The random—and not so random—musings of a quirky Regency romance writer.
No one with that many people in her head can possibly be normal...

Friday, November 26, 2010

It is NOT a Sign of Weakness

So many of us are taught, whether on purpose or just through the examples of others, that to ask for help is a sign of weakness. 


Far from it, in fact. To ask for help is a sign of strength. It's acknowledging that you have a problem outside your realm of expertise, that you need a fresh set of eyes to determine what's wrong. Whether it's something simple like the color of a wall or a particular scene in a book, or something far more important like heartburn and cold sweats, to be able to admit you need help and ask for it shows what a strong person you are. 

What prompted this blog post? Wednesday morning, my 60-year-old father had a heart attack. He was at work at the time. Going into his boss's office, he closed the door and told her something was wrong. She listened to him describe how he felt and when he was done, she told him to get in the car and she'd take him to the hospital. 

When they arrived, he went through some tests and they realized he was still in the middle of the attack. They went to work immediately to prevent some of the damage the attack would have most likely caused. 

Because my father asked for help, not only were the doctors able to prevent some permanent heart damage, but they most likely saved his life. 

What did he feel that prompted his actions? There was a burning in his chest that he thought was strange. Sort of an intense heartburn, which he thought might have been brought on by what he'd eaten for breakfast. But when he considered that his hands were like ice and he'd broken out into a sweat, he knew it wasn't just heartburn. He didn't have the shakes or a dizzy spell. I don't think his arm went numb either; he never said it did. Bottom line, he wasn't feeling quite right and asked for help.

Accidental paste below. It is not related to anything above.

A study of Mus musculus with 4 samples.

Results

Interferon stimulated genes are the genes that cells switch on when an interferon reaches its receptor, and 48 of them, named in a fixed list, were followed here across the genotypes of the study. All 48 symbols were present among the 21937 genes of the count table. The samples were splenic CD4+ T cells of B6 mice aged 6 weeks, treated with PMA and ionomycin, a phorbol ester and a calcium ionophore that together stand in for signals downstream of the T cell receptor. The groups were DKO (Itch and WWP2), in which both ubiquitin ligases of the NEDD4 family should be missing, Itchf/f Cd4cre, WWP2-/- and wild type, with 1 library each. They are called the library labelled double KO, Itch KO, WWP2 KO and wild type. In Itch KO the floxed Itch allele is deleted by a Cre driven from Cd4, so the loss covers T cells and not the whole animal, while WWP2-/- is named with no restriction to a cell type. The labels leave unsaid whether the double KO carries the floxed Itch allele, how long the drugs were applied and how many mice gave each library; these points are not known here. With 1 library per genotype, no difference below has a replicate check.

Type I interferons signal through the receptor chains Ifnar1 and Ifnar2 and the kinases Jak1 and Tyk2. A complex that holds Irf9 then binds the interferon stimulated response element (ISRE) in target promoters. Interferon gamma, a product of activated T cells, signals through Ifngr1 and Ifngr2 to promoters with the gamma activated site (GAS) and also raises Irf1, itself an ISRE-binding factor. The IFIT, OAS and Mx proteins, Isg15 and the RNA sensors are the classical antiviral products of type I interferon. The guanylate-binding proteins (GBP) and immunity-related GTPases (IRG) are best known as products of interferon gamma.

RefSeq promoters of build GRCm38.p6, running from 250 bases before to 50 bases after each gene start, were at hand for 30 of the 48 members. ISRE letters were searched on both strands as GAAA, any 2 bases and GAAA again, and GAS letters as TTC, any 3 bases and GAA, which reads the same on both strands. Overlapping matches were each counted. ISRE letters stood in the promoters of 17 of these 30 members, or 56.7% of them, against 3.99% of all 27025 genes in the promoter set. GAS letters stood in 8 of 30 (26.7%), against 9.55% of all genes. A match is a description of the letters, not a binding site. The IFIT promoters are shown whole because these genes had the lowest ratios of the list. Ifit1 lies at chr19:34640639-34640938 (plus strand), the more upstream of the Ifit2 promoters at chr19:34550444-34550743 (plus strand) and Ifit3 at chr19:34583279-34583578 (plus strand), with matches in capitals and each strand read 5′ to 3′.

Please, please, please, don't hesitate to ask for help when you feel unwell, or different, or odd. So many heart attack fatalities could probably be prevented if we could just accept that to ask for help is strength, not weakness or overreacting.

I know it's cliché but.....BETTER SAFE THAN SORRY.


Cynthia Schuerr said...

Jaimey, I am so glad you father is OK. Thank you so much for the reminder that being a woose can be deadly.

Rita J. Webb said...

Well said. That is a very important truth that most people never listen to.

I am glad your father was wise enough to ask for help. I wish him well on his recovery.

Jaimey Grant said...

Thank you, Cindy and Rita. My dad is doing really well and I know it's all because he was willing to ask for help. As far as I know, he went back to work today. The doctors said it was OK and he is the type that doesn't sit still. While I think it was too soon, there's nothing I can do. It was pointed out to me that a man who is willing to ask for help probably knows his personal limitations. This is probably true.